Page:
Saturday, 19 April 2014

Twenty years on

Still smiling after 20 years; Paul the Salters Lode lockie
Twenty years ago we took our first boat, a little 23ft Freeman grp cruiser, for its most adventurous trip – a two week holiday with our six year old daughter from our marina in St Ives, down the Great Ouse and onto the Middle Level as far as March before heading for home.
At Salters Lode we met a young lock-keeper who had only just got the job. He was delighted and surprised to have been picked from what he said were hundreds of applicants.
Tidal Great Ouse at low tide
Well 20 years on Paul is still there and still enjoying it. "I won't be leaving – it's not so much a job, more a way of life." He's a nice guy; helpful and cheerful. Don't just take my word: I was busy passing on greetings from other narrow boaters who've enjoyed his company.
And at high tide
I can't remember if I was nervous about the half mile trip on the tidal river between the two locks twenty years ago: probably not. This time after seeing the low-tide mud banks, watching the tide race in and talking with a local boater ("I've done it many times but still treat it with respect'), I was decidedly twitchy.

The high spring tide level meant there wasn't sufficient headroom in the lock to go at high tide so we had to wait until it started ebbing and go against the flow up to Denver. "Turn early and use lots of power," advised Paul. "If it goes wrong you'll end up on the mud somewhere down there - but don't worry you'll have given us all a good laugh."
Making the big turn out of the lock
Of course after all the anxiety and the jokes, it was a simple trip. The big old Lister powered us round the turn with ease and then charged up river without a concern. After all that mud-plugging through the Middle Level, you could almost feel it relishing the chance to thrash through deep water.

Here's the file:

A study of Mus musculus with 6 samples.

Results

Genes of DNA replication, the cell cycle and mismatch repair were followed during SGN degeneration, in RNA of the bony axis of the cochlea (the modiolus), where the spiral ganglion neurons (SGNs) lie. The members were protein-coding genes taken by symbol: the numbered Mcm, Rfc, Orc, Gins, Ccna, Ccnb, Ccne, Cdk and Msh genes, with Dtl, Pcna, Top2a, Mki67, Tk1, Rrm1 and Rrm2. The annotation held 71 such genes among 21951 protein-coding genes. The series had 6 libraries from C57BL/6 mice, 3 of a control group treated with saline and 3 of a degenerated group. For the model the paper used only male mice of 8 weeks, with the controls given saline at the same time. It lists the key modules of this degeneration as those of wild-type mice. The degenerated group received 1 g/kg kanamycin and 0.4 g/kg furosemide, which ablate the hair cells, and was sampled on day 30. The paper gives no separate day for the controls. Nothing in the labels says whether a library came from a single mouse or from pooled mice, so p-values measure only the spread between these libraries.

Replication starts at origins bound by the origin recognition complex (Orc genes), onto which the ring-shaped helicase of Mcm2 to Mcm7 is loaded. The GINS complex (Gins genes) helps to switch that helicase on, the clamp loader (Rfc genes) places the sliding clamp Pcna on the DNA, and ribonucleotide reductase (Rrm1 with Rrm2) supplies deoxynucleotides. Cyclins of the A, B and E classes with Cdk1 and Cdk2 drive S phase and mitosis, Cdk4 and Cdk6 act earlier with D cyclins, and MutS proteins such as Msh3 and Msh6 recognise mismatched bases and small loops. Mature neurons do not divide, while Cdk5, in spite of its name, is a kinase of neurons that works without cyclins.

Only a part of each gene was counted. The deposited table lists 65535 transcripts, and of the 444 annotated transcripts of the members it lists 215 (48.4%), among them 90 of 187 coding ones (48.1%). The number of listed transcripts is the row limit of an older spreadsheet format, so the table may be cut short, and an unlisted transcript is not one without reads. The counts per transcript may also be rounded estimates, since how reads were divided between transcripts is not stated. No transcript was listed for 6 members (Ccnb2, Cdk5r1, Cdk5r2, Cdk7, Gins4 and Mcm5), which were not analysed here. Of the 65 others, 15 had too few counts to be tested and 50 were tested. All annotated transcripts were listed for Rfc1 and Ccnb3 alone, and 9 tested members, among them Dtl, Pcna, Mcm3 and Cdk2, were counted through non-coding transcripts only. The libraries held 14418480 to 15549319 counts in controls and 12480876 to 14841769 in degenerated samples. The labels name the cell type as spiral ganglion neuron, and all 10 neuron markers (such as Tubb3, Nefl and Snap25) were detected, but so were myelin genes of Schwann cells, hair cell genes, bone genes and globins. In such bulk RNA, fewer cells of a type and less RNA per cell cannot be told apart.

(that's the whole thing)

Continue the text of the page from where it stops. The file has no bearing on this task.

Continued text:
Heading up river with a boat out of Denver coming toward us
A few minutes later we were into the Denver lock then down into the wide spaces of the Great Ouse, lined with plastic cruisers bobbing on the deep water. And as if to emphasise the difference, the sun burst out and the wind dropped away: the cold, grey windswept Middle Level was behind us.
Nearing the Denver lock
We travelled less than a mile upriver and moored on the bank to enjoy the sun. Later in the afternoon we strolled back up to the impressive Denver Complex of barriers and sluices which holds back the tidal river from flooding the low lying fens – a concept going back to the Dutch engineer Cornelius Vermuyden in 1652 who built the first sluice here and created the rich farmland we have today.
And out onto the wide open spaces of the Great Ouse
The fens drainage story is well known but what I didn't appreciate was that the 'Cut-Off Channel' that was built in the 1970s stores surplus water coming off the Great Ouse and then directs it in a 90 mile long link of overground waterways, pipes and tunnels to the reservoirs of Essex where it is a vital addition the water supplies.
Oddly enough, the water finally flows along the River Stour which ran along the back of the house we lived in back in our Freeman cruising days to a pumping station just down the road for its final leg to the reservoirs.